Video Accessories Misc
- Written by John E. Johnson, Jr.
- Published on 20 August 2009
On the Bench
With the lens set to wide angle, the f/stop spread is very low, with the worst falloff was at the corners (vignetting), being 0.243 f/stops.
At telephoto, the worst falloff was also at the corners, being0.432 f/stops. This is excellent performance.
Resolution (MTF50) results are shown below. The Panasonic clocks in at 488 LW/PH (Line Widths per Picture Height), which is pretty good, but not as good as some other cameras that only have one sensor, such as the VIXIA HF11, which had an MTF50 of 612 LW/PH. In measuring digital snaphot cameras, including DSLR's, the cycles per pixel data are often mentioned, with 0.25 cycles per pixel being the minimum acceptable and 0.5 cycles per pixel being the theoretical maximum. The Panasonic's test result is 0.226 cycles per pixel, while the Canon HF11 is 0.283 cycles per pixel. Note that the sensors in the Panasonic camera have 560,000 pixels each, which totals 1,680,000 pixels. For true 1920x1080 native resolution, you need 2,073,600 pixels, so, pixel shift notwithstanding, part of the reason (maybe the entire reason) that the AG-HSC1UP has a lower MTF50 value than the HF11 is that the Panasonic does not have enough pixels to encompass the full 1920x1080 field, while the HF11 does have the full number of pixels.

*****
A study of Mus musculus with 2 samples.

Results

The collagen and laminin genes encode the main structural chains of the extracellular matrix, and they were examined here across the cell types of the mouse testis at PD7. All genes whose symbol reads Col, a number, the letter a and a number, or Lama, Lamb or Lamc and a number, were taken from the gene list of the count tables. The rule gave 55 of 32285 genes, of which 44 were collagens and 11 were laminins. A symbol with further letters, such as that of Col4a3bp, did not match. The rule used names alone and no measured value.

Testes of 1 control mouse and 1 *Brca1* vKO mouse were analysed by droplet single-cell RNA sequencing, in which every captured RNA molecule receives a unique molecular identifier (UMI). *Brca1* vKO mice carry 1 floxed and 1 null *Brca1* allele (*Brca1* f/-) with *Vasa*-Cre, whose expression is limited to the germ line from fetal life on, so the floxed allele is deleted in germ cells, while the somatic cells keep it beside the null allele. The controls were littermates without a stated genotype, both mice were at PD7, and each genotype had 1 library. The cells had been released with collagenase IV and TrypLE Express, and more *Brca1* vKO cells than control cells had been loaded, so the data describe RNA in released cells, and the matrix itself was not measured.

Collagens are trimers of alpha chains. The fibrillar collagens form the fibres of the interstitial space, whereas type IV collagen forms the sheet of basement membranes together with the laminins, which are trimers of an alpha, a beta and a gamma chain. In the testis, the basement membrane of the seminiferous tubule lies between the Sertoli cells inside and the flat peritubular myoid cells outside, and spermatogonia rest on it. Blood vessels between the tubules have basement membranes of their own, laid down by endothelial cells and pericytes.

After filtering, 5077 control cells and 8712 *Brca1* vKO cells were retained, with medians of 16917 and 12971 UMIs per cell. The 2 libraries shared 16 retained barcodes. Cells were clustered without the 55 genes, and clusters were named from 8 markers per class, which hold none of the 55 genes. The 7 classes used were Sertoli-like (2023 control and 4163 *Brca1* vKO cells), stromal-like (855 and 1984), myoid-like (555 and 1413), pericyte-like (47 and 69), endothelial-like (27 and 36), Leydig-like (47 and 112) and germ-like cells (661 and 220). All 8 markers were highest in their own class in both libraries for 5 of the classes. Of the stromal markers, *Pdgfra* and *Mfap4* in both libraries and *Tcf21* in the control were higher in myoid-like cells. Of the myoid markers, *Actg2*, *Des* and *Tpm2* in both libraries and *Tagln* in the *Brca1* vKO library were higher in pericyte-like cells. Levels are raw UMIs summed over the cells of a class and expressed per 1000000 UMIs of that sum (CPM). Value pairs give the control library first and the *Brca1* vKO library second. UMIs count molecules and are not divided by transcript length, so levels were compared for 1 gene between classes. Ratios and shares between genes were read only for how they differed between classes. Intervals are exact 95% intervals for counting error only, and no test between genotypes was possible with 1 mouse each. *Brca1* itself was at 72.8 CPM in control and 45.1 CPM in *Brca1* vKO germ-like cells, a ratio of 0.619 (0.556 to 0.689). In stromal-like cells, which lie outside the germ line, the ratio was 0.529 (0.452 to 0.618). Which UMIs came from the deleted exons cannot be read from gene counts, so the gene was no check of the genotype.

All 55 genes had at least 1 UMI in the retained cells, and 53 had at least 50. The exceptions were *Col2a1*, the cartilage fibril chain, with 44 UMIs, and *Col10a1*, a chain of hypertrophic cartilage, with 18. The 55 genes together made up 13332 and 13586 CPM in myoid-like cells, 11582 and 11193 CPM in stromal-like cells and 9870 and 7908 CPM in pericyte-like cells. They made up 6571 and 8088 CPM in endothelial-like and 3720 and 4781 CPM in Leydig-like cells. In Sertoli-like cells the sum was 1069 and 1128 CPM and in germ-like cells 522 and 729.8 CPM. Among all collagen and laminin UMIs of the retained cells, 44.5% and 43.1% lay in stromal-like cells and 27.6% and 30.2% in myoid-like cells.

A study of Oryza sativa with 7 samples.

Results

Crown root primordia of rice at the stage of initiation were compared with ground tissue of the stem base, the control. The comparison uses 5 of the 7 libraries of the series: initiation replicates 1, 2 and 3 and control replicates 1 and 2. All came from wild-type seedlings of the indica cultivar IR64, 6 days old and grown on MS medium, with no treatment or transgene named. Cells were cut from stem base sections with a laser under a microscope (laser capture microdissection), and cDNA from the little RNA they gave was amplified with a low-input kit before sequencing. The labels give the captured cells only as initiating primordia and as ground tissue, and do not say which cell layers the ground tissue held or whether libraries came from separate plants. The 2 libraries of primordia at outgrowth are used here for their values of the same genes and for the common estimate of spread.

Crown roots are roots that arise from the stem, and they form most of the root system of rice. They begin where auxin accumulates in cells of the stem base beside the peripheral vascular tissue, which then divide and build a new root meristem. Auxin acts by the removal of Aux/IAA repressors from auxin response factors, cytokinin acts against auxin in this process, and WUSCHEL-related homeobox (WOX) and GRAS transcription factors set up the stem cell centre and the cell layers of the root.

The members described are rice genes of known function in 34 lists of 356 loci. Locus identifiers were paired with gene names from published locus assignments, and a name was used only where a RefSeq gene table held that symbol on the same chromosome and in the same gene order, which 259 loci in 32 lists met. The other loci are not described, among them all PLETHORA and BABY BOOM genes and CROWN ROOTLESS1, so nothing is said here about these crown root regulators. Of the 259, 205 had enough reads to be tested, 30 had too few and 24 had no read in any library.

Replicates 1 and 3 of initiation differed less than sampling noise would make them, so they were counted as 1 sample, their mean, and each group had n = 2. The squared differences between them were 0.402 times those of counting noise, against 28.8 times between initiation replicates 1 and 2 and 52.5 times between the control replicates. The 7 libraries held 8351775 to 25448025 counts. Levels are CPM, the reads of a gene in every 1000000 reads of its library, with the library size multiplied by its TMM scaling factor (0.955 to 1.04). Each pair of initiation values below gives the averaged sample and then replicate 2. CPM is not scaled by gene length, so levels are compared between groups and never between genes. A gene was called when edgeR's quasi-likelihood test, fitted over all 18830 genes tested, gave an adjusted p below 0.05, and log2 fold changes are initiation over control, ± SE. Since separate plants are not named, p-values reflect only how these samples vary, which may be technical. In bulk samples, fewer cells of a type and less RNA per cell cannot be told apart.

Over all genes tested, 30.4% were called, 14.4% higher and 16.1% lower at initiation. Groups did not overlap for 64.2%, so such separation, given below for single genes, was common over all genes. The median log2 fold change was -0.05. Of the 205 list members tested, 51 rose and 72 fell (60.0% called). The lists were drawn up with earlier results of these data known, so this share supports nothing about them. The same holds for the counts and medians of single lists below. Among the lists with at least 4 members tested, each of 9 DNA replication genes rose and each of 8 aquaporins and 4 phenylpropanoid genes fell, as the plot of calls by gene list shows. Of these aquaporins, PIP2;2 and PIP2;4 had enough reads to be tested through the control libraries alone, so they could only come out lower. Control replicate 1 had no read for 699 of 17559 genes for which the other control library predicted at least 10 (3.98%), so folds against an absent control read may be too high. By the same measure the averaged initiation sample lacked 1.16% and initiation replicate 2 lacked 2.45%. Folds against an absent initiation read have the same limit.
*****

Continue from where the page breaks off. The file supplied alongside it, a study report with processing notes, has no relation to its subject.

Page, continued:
Chromatic aberration was 0.662 pixels, which is lower than the Canon VIXIA HF11. At twice the price of the HF11, this is probably due to simply having a better lens.
Here is a screenshot of the gray scale test pattern. The Auto White Balance has it looking a little greenish, but all the patches are clearly delineated (some cameras might "crush" the grays so that the last few darkest patches all look black).
Analysis of the gray scale test pattern shows that the curve follows the first order gamma very well. There is no tendency to dampen the whites. So, you have to be careful when taking videos in bright scenes that have deep shadows to be sure not to clip the whites. The noise analysis (lower half of screenshot) indicates that the noise is about the same in the bright areas as well as the dark areas, suggesting some use of noise reduction.
Using the SG color checker, I got the following results. It looks quite good, especially in the fleshtones and grays.
Another way of looking at the color data is called a 2D axbx chart, shown below. It illustrates where the color should be, indicated by the squares, and where the camera reproduced that color, indicated by circles. You can see that the reds are undersaturated and there is a shift towards the yellows and blues being too green. This could be seen in the gray scale test pattern shown above.